Avett Brothers – Sing out!
“I happened to be in high school” when those bands were in their prime, he explains, now all of 30. “I was very vulnerable to many trends, and they made a big impact on me. The fact that we were moved by those bands at some point in our lives — I don’t think everybody’s going to agree with us on that, nor do I expect them to.”
Another musical influence stretched further back into their childhood. The Avetts’ father was a musician who played music that Scott recalls being “more ’70s country-folk, sort of,” and while the kids didn’t necessarily follow suit stylistically, their dad’s ventures did instill in them the notion that they could play music, too.
“It was kind of there for both of us — well, actually all three of us, our sister as well — from an early age,” says Seth. (Their sister Sarah has contributed violin and vocals to several Avett Brothers tracks over the years.) “Ever since we were born, there was a lot of music around. It seemed like just a natural part of growing up with our parents, that music would be a viable option for us.”
Not traditional music, mind you. “The pop-pop-pop MTV thing, that was what we liked,” Scott confesses. “We didn’t want anything to do with any country at all. I never ever imagined that the banjo would be anything that I have. My first memory of the banjo would’ve been…Kermit the Frog, I guess, you know? That’s what it meant to me to play the banjo, really. I didn’t know anything about Earl Scruggs.
“I saw it for what it wasn’t, as far as, what commercials might make fun of some hick playing the banjo. Where, when I was 20 or 21 years old picking up the banjo, God, I realized that was something to really admire, and I really did. I got way into it.”
If the fact that he hasn’t been a trad picker since his preteen days, like many of his peers on the contemporary string-band scene, means he’s not as accomplished a musician as them, Scott seems at peace with that.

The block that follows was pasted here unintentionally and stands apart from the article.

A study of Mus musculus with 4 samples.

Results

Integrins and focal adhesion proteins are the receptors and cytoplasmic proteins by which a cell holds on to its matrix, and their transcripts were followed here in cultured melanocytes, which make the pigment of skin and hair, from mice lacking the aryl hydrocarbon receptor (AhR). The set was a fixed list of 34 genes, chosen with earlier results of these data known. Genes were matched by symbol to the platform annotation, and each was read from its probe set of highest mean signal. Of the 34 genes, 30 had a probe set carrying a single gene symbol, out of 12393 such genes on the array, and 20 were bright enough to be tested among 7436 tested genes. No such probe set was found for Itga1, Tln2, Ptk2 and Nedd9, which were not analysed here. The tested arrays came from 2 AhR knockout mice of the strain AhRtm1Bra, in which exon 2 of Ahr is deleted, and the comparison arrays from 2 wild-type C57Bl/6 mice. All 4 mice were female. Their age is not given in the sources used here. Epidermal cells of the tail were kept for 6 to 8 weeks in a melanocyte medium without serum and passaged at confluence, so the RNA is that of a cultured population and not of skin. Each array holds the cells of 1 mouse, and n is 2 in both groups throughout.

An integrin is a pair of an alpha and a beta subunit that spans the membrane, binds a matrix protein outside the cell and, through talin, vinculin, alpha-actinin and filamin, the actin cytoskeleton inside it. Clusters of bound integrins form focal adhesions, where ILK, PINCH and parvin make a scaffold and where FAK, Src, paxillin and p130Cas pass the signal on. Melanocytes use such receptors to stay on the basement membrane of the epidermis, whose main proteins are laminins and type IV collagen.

“There’s a lot of guys that can play so much better than me,” he allows. “I don’t spend my time trying to learn how to play better. I spend most of my time trying to write songs.
“I would definitely say Seth’s a better musician than I am, there’s no doubt about it,” he adds. “He’s got a longer attention span, he practiced more growing up, he followed through a little more. Whereas I got in a band, and all I wanted to talk about was lyrics.”
In terms of musicianship, probably the strongest cog in the Avetts’ machinery is bassist Bob Crawford. A native of New Jersey who moved to North Carolina in the mid-’90s to work in radio and TV production, Crawford was studying jazz guitar at Winthrop University in Rock Hill, South Carolina, when he met Scott and Seth.
“Bob brings the most integral musical knowledge to the group,” Seth says. “He understands theory and understands — I hesitate to use this word — but the mathematics of music. He understands more than Scott and I do. He brings a lot of depth to the music which Scott and I, in our quest for singing our hearts out, would maybe skip over.”
Playing upright bass was something Crawford just sort of stumbled into. “It was right when I began the jazz guitar program that I picked up an upright bass,” he recalls. “I figured at the very least, it’ll sit in my house and it’ll be a cool-looking piece of furniture. I started playing it, and I fell in love with it. It was kind of like, where have you been all my life? And then everybody wanted to play with me all of a sudden, even though I didn’t know how to play it. They liked the way it looked, and I was in everybody’s band before you knew it.”
Crawford’s contribution to the Avetts extends beyond musical concerns, though. As siblings, Scott and Seth clearly could confine their full-time lineup to just the duo and hire backing players when needed to fill out the sound. That they count Crawford as a full-fledged Avett Brother speaks volumes.
“I feel like a flex player,” Crawford responds, when asks how he views his role. “It varies from day to day and situation to situation. When we’re playing a live show, I feel like a layer of the cake. And then sometimes I participate in the writing aspect of it, and then sometimes I’m supporting and cheering and just there. Sometimes just being there is a role in itself.”
One of the keys to the Avett Brothers’ success, in fact, is that people are there in all the right places. Beyond the band’s lineup, they have aligned themselves with solid allies in key operational roles.